Regenerative agriculture practices restore degraded land. They include no tillage, diverse cover crops, in-farm fertility (no external nutrient sources required, no pesticides or synthetic fertilizers, and multiple crop rotations, all of which can be augmented by managed grazing. The purpose of regenerative agriculture is to continually improve and regenerate the health of the soil by restoring its carbon content, which in turn improves plant health, nutrition, and productivity.


One principle of regenerative agriculture is no tillage. How often do you see bare earth excerpt on a farm, or a road cut? Soil abhors a plant vacuum. Bare land, save for deserts and sand dunes, will naturally revegetate. Plants need a home, and soil needs a cover. On farms, plows expose the soil and invert it, burying topsoil underneath. When soil is tilled and exposed to the air, the life within it decays quickly and carbon is emitted. Professor Rattan Lal estimates that at least 50 percent of the carbon in the earth’s soils has been release into the atmosphere over the past centuries—approximately 80 billion tons. Bringing that carbon back into the soil is a gift to the atmosphere, to be sure, but from a practical agricultural perspective, it is an invitation to farmers to move away from agrochemical farming and bring the carbon back home, where it will help them work with the land more efficiently and productively.


There has been a conventional wisdom that the world cannot be fed without chemicals and synthetic fertilizers. However, the U.S. department of Agriculture is now running trials on farming methodologies that eschew tillage and chemicals. Evidence points to a new wisdom: The world cannot be fed unless the soil is fed. Feeding the soil reduces carbon in the atmosphere. Soil erosion and water depletion cost $37 billion in the United States annually and $400 billion globally. Ninety-six percent of that comes from food production. India and China are losing soil thirty to forty times faster that the U.S. Regenerative agriculture is not the absence of chemicals. It is the presence of observable science—a practice that aligns agriculture with natural principles. It restores, revitalizes, and reinstates healthy agricultural ecosystems. Indeed, regenerative agriculture is one of the greatest opportunities to simultaneously address human, soil and climate health, along with the financial well-being of farmers. It is about biological alignment—how to live and grow better food in ways that are more productive, safer, and more resilient.

IMPACTFrom an estimated 108 million acres of current adoption, we estimate regenerative agriculture to increase to a total of 1 billion acres by 2050. This rapid adoption is based in part on the historic growth rate of organic agriculture, as well as the projected conversion of conservation agriculture to regenerative agriculture over time. This increase could result in a total reduction of 23.2 gigatons of carbon dioxide, from both sequestration and reduced emissions. Regenerative agriculture could provide a $1.9 trillion financial return by 2050 on an investment of $57 billion.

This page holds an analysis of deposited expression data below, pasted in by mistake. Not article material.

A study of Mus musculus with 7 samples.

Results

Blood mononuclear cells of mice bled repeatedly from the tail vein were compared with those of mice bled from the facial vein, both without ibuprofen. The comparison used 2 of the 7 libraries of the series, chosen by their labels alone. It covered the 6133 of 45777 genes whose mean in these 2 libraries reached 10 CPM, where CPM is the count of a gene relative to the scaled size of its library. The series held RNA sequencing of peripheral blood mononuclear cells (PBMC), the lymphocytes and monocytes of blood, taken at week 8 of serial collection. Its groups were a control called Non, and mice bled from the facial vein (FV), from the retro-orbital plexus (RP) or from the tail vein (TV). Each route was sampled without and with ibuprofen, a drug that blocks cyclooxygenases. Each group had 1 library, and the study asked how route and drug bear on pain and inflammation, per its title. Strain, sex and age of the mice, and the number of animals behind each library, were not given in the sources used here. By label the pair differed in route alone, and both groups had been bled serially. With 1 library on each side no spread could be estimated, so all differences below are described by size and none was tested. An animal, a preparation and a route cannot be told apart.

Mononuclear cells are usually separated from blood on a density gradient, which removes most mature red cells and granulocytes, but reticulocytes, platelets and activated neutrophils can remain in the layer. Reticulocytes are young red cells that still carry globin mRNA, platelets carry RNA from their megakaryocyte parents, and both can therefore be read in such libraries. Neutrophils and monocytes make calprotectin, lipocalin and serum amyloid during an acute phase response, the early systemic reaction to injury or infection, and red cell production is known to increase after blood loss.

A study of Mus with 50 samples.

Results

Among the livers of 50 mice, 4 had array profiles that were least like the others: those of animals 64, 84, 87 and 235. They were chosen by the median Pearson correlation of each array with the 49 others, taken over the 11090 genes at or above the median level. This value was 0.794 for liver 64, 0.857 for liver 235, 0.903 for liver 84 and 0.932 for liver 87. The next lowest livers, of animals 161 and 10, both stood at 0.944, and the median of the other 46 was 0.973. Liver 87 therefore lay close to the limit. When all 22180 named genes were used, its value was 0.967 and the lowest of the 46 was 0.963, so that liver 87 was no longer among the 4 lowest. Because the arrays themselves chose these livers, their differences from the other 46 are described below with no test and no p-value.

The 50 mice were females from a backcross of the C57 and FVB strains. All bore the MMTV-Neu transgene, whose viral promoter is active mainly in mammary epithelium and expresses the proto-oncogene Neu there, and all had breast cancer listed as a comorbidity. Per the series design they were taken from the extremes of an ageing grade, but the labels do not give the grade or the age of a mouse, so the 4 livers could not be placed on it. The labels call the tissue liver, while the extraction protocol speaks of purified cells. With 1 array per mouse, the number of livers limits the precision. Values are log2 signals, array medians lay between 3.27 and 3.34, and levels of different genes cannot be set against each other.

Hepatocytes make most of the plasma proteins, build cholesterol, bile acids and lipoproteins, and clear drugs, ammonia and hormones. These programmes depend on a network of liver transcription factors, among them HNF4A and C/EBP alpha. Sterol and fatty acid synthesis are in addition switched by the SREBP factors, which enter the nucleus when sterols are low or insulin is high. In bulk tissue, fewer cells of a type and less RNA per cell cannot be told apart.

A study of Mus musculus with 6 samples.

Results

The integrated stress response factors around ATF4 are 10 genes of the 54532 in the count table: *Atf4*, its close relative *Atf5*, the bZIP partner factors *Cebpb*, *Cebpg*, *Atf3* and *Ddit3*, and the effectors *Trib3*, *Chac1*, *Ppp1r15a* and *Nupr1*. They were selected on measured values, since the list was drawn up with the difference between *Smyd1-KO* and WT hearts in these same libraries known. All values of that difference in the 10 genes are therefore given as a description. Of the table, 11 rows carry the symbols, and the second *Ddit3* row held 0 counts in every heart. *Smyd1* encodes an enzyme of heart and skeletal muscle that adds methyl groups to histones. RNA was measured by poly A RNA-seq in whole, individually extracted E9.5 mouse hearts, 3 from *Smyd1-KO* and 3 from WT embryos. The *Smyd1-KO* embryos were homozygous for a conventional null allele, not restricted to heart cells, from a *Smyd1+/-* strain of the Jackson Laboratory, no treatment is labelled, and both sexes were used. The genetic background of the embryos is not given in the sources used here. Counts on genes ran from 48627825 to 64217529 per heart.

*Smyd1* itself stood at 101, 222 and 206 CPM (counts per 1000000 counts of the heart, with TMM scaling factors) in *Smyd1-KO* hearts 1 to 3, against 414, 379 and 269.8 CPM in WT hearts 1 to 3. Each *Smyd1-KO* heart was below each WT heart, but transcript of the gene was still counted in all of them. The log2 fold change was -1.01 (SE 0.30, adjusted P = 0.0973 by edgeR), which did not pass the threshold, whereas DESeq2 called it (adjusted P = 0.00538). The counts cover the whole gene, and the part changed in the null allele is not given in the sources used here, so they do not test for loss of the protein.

March 2024 Update:

Introduction to Project Drawdown

Project Drawdown is a nonprofit organization that seeks to help the world reach “Drawdown” – the future point in time when levels of greenhouse gases in the atmosphere stop climbing and start to steadily decline, thereby stopping catastrophic climate change.

Founded in 2014, Project Drawdown has emerged as a leading resource for information and insight about climate solutions. The organization has conducted rigorous research and assessment of a comprehensive set of 93 climate solutions, which it has compiled into the Drawdown framework.

The Drawdown framework covers a wide range of solutions across different sectors, including:

– Electricity generation (e.g. renewable energy, energy efficiency)
– Food, agriculture, and land use (e.g. reduced food waste, plant-rich diets, reforestation)
– Industry (e.g. alternative refrigerants, cement production improvements)
– Transportation (e.g. electric vehicles, public transit, high-speed rail)
– Buildings (e.g. energy efficiency, heat pumps, smart thermostats)
– Land and coastal/ocean sinks (e.g. forest restoration, mangrove protection)

Project Drawdown’s mission is to advance these effective, science-based climate solutions and strategies, foster bold new climate leadership, and promote new narratives and voices around climate change.  The organization aims to support a growing constellation of efforts to move climate solutions forward and reach Drawdown as quickly, safely, and equitably as possible.

Through its research, communication, and partnerships, Project Drawdown has influenced university curricula, city climate plans, business commitments, community action, and philanthropic strategy around the world. The organization continues to develop its resources and work to accelerate the deployment of climate solutions globally.